Here at Ararangua, at Santa Catarina, south of Brazil, we decided to spontaneously share 840 square meters of land and produce what we call a “Collective Garden”, a place where people of our neighborhood and of our town can came to learn about organic food, prepare the soil and grow their own delicious and toxic-free vegetables.
We also practice composting of all the organic garbage we produce for two years now and we are starting to learn and teach about bioconstruction, vertical farms and spreading the word trying to reproduce the initiative in other places.
welcome to Edgeryders Sounds like an interesting initiative, there are several Edgeryders who are also involved in agriculture on some level or another. CPT just posted a petition for an urban community Garden in Berlin that is under threat of having to close down or move because the land is in an area that is now commercially attractive and the city would like to sell it to real estate developers…
Don’t know if you’ve heard of it, Prinzessingarten in Kreuzberg, Berlin…Some are exploring this in their own private lives using their own gardens Like Lynne and others like James Beecher are involved in the Transition Town movement.There is a lot of interest in resilience and self-sufficiency and so your practical experience is very welcome!
How did you guys get started, what’s the story behind it? How many are involved and how did they find the initative?
Farming’s on fire
Agriculture is emerging as one of the hottest areas of innovation in Edgeryders, to my great surprise. This story seems super interesting. Rafael, could you share a photo? And also tell us a bit about vertical farms, as Nadia suggests above?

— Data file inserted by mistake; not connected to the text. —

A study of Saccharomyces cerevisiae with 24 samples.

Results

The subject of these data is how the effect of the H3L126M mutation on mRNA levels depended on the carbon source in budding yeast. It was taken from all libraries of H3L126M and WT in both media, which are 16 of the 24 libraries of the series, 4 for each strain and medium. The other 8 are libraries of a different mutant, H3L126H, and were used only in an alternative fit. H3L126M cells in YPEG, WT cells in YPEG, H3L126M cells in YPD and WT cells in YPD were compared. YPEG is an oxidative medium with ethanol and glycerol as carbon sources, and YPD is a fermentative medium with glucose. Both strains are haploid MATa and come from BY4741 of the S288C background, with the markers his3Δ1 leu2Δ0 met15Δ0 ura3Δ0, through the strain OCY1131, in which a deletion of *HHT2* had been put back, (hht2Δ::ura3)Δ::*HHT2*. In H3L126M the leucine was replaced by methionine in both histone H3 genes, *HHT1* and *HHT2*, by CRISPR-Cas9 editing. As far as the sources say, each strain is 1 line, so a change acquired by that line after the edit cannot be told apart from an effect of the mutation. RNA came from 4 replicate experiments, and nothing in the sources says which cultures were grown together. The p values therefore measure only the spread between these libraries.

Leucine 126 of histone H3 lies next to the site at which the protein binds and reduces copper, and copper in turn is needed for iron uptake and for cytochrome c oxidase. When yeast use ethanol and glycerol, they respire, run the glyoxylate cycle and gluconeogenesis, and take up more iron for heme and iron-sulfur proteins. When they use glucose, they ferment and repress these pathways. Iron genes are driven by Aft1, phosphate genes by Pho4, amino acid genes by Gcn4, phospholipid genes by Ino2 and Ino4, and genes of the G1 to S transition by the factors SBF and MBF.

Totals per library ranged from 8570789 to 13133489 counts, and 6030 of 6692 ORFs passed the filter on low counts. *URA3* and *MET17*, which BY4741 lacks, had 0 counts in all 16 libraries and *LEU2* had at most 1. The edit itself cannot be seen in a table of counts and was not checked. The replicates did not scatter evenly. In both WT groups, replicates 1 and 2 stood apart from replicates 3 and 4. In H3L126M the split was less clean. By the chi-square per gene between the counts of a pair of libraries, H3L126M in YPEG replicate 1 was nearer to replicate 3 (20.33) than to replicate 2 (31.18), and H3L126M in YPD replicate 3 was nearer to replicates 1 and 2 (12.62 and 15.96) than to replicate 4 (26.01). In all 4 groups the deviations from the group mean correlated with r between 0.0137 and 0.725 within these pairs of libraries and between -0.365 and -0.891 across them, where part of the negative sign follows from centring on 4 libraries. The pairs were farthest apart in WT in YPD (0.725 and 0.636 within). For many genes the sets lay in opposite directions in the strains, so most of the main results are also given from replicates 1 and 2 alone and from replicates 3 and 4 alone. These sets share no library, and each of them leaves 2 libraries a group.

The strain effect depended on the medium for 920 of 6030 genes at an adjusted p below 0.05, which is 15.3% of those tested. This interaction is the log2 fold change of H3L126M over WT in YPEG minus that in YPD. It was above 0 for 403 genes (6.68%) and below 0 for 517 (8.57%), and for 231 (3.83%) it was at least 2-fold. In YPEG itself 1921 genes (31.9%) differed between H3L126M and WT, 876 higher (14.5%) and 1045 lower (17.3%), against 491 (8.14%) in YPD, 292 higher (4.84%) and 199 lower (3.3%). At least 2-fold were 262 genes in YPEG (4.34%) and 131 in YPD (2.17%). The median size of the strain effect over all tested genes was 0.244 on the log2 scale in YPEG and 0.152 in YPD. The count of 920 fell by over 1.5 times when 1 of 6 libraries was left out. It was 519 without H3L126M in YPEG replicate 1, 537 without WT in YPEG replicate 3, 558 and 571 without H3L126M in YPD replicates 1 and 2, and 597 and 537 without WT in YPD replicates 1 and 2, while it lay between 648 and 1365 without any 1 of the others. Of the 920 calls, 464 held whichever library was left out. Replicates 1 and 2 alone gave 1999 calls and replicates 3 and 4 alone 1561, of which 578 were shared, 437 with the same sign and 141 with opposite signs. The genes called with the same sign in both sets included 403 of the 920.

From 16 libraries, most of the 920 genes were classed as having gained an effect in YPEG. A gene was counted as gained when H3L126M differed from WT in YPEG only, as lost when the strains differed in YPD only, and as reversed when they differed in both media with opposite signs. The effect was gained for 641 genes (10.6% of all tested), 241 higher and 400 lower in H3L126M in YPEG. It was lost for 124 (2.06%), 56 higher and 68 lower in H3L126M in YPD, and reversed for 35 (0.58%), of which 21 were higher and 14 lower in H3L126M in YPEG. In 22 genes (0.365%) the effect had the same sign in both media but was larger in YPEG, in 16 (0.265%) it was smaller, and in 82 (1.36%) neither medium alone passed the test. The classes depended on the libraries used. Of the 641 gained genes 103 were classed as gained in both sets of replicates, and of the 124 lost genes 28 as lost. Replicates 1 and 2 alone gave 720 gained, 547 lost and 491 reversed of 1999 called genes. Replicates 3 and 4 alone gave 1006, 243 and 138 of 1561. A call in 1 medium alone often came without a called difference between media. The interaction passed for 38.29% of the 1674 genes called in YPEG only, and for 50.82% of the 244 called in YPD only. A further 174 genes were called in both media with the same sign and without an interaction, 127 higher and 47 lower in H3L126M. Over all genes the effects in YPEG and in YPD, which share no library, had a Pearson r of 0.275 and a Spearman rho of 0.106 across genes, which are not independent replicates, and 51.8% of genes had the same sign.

Community Gardens around the world
Your initiative is wuite fascinating. I bumped into this documentary movie called Edible City: Grow the Revolution. Hope you enjoy it as much as I do.
"Edible City is a fun, fast-paced journey through the Local Good Food movement that’s taking root in the San Francisco Bay Area, across the nation and around the world.
Introducing a diverse cast of extraordinary and eccentric characters who are challenging the paradigm of our broken food system, Edible City digs into their unique perspectives and transformative work, finding hopeful solutions to monumental problems.
Inspirational, down-to-earth and a little bit quirky, Edible City captures the spirit of a movement that’s making real change and doing something truly revolutionary: growing the model for a healthy, sustainable local food system."